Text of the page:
How Safe is Your Home? Reducing Toxins in Your Home
By Tina Gallagher
A toxin is any substance capable of harming a person if ingested, inhaled, or absorbed into the body. From the foods we eat to how we clean our homes, maintain our yards, and bathe ourselves, we can be exposed to a variety of toxic chemicals on a daily basis. According to the Environmental Protection Agency, only a fraction of the 75,000 registered chemicals have gone through complete testing for human health concerns. Some chemicals have an immediate effect, while others are harmful to our bodies only after long-term exposure.
Many toxic substances have been falsely deemed a necessary part of our lives and are considered essential in order to clean our homes, maintain our lawns, and wash our bodies. A lot of people don’t even know household items can be toxic. They think that because these products are on the market, they must be safe. But that’s not always the case.
“So many new chemicals have been produced, but very few tested for toxicity or long-term effects,” says Karen Asper, RN. “And it’s not just cleaners that are a problem, personal care products such as soaps, lotions, cosmetics, shampoos, and deodorants can be toxic, too.”
Children are more vulnerable than adults to the harmful effects of chemical toxins because they are still growing and developing. Also, children’s behavior, including increased hand to mouth activity, a tendency to crawl and play in places that could be contaminated, and a lack of awareness about proper safety and sanitary habits, all put them at higher risk.
Various health effects can result from toxic chemical exposure, including allergic reactions, asthma, migraines, dizziness, nausea, eye, skin, and respiratory tract irritation, and various forms of cancer. These effects are dependent upon many factors including the toxicity of the chemical and the degree and length of exposure.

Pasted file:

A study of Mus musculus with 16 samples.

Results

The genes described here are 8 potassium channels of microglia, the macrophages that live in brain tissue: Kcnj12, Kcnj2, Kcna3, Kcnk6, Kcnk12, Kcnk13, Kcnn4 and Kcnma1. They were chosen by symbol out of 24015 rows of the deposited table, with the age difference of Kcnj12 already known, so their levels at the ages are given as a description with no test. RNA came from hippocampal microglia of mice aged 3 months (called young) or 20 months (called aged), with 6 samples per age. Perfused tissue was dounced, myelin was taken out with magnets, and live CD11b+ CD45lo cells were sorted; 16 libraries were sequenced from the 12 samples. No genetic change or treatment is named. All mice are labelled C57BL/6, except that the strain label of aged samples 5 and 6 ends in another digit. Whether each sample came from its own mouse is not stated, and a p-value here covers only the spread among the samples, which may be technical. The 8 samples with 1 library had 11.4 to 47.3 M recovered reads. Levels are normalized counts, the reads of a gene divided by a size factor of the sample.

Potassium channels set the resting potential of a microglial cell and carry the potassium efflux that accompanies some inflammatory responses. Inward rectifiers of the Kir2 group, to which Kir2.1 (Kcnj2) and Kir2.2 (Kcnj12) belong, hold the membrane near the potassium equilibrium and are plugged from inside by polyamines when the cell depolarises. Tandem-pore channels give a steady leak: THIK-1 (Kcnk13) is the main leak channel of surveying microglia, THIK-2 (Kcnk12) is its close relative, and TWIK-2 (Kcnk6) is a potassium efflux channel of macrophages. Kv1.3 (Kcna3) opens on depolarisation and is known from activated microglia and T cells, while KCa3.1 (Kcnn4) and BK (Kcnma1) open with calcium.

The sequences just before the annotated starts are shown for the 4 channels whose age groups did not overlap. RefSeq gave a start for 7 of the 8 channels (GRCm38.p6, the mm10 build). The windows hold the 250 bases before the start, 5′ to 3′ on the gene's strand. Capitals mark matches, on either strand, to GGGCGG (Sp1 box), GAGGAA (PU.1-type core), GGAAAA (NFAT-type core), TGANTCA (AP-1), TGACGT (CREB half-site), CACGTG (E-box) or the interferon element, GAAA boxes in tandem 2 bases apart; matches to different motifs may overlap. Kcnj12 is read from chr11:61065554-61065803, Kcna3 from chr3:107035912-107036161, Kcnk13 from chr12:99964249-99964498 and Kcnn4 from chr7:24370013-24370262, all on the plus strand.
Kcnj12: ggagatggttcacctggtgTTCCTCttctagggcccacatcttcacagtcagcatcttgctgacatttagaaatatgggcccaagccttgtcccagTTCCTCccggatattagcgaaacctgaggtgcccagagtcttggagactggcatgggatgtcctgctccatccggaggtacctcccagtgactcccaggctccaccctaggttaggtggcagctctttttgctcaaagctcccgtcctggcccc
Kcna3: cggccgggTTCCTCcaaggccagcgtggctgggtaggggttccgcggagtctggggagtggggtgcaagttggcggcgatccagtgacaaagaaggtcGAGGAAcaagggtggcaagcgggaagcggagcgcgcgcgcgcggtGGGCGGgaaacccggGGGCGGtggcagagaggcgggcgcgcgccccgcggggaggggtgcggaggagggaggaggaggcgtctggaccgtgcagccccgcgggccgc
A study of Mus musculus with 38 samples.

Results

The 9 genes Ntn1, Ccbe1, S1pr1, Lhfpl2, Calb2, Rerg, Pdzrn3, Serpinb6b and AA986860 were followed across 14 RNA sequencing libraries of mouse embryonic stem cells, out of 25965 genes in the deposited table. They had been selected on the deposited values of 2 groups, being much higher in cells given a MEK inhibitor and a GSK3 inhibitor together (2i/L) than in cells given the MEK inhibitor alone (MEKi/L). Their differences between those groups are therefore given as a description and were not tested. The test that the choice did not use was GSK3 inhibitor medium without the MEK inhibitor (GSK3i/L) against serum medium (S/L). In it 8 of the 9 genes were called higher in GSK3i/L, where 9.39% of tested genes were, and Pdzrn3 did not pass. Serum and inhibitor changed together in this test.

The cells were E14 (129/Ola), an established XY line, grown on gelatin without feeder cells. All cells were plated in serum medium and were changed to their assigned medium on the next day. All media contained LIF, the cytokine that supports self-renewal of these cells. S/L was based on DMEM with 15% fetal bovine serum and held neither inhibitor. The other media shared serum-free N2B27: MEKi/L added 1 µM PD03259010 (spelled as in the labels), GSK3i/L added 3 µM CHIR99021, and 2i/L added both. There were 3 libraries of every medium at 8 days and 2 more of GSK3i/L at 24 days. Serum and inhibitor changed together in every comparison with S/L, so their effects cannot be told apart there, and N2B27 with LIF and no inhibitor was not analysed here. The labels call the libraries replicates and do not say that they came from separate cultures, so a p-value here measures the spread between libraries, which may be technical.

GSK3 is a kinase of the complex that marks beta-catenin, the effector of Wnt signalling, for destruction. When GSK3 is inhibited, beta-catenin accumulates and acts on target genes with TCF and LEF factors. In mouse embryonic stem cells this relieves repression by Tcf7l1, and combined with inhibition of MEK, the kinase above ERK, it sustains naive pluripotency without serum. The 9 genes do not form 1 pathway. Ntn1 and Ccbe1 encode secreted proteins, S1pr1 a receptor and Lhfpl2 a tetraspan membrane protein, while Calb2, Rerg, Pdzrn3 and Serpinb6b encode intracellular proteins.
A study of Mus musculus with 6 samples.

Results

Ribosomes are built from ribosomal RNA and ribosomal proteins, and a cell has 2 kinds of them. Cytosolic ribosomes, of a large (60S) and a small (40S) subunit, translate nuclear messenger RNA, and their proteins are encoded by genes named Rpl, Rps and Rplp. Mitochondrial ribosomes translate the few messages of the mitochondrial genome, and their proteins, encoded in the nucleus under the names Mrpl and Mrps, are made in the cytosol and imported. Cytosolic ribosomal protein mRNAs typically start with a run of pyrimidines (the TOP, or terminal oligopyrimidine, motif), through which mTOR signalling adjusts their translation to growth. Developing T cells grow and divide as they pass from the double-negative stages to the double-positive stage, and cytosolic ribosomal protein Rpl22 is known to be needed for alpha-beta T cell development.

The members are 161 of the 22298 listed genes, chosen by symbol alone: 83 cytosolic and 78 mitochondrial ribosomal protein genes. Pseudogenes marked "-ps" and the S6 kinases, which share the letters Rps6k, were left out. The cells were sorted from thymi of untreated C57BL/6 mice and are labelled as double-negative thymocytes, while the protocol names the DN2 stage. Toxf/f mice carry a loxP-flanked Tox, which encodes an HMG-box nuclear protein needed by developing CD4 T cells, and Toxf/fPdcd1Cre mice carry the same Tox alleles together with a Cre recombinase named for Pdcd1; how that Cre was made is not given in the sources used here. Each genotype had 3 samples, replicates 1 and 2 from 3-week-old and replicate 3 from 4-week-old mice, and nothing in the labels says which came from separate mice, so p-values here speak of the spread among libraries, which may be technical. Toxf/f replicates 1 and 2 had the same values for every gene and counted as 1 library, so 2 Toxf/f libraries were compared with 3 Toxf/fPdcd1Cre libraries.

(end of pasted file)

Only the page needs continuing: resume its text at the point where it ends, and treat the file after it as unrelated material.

“My daughter was constantly sick and I kept taking her to specialists, who put her on more and more medications,” says Asper. “About two years ago, I started doing research on toxic chemicals in the home and started shopping for and using only eco-friendly products. Ever since I made the switch to nontoxic products, my daughter has been healthy and medication free.”
So what can you do to reduce or eliminate the use of toxic chemicals in your home?
“Read labels to know what you’re buying and bringing into or using around your home,” says Asper. “If you can’t pronounce it and don’t know what the ingredient is, don’t buy it. Be pro-active about the products you’re using and their dangers, then find better, safer alternative products that are effective and don’t cost your family a lot of money. Just because a product is greener, doesn’t mean it has to cost a lot.”
You could also use natural products as cleaning agents such as baking soda, vinegar, lemon juice and plant-based soaps and detergents. But if you’re not quite ready for that big of a switch, make an effort to use nontoxic or less toxic products, a variety of which can be found in health food stores, supermarkets, or at eco-friendly online companies.
According to Asper, “My family shops with a twenty-five-year-old eco-friendly company. We shop for everything through this store and I love the convenience. I shop online, save money on my household consumable goods, and the products are delivered directly to my door. For more information, visit www.safer4yourhome.com.”
Simple changes can reduce exposure to potentially harmful substances. Also, be sure to educate yourself.
“The internet is the information superhighway so do your research,” says Asper. “And when considering whether or not to use a product, remember, if you wouldn’t put it in your mouth, you shouldn’t want it put on your skin.”
Below are a few websites offering additional information on the dangers of chemicals in the home.
epa.gov/kidshometour - part of EPA’s website geared toward children’s information and a tour of toxic chemicals in the home.
atsdr.cdc.gov – a website for the Agency of Toxic Substances and Disease Registry, a government agency that provides information and effects of hazardous substances.
safer4yourhome.com – sells eco-friendly products.
healthychild.org – a non-profit organization dedicated to inspiring parents to protect young children from harmful chemicals.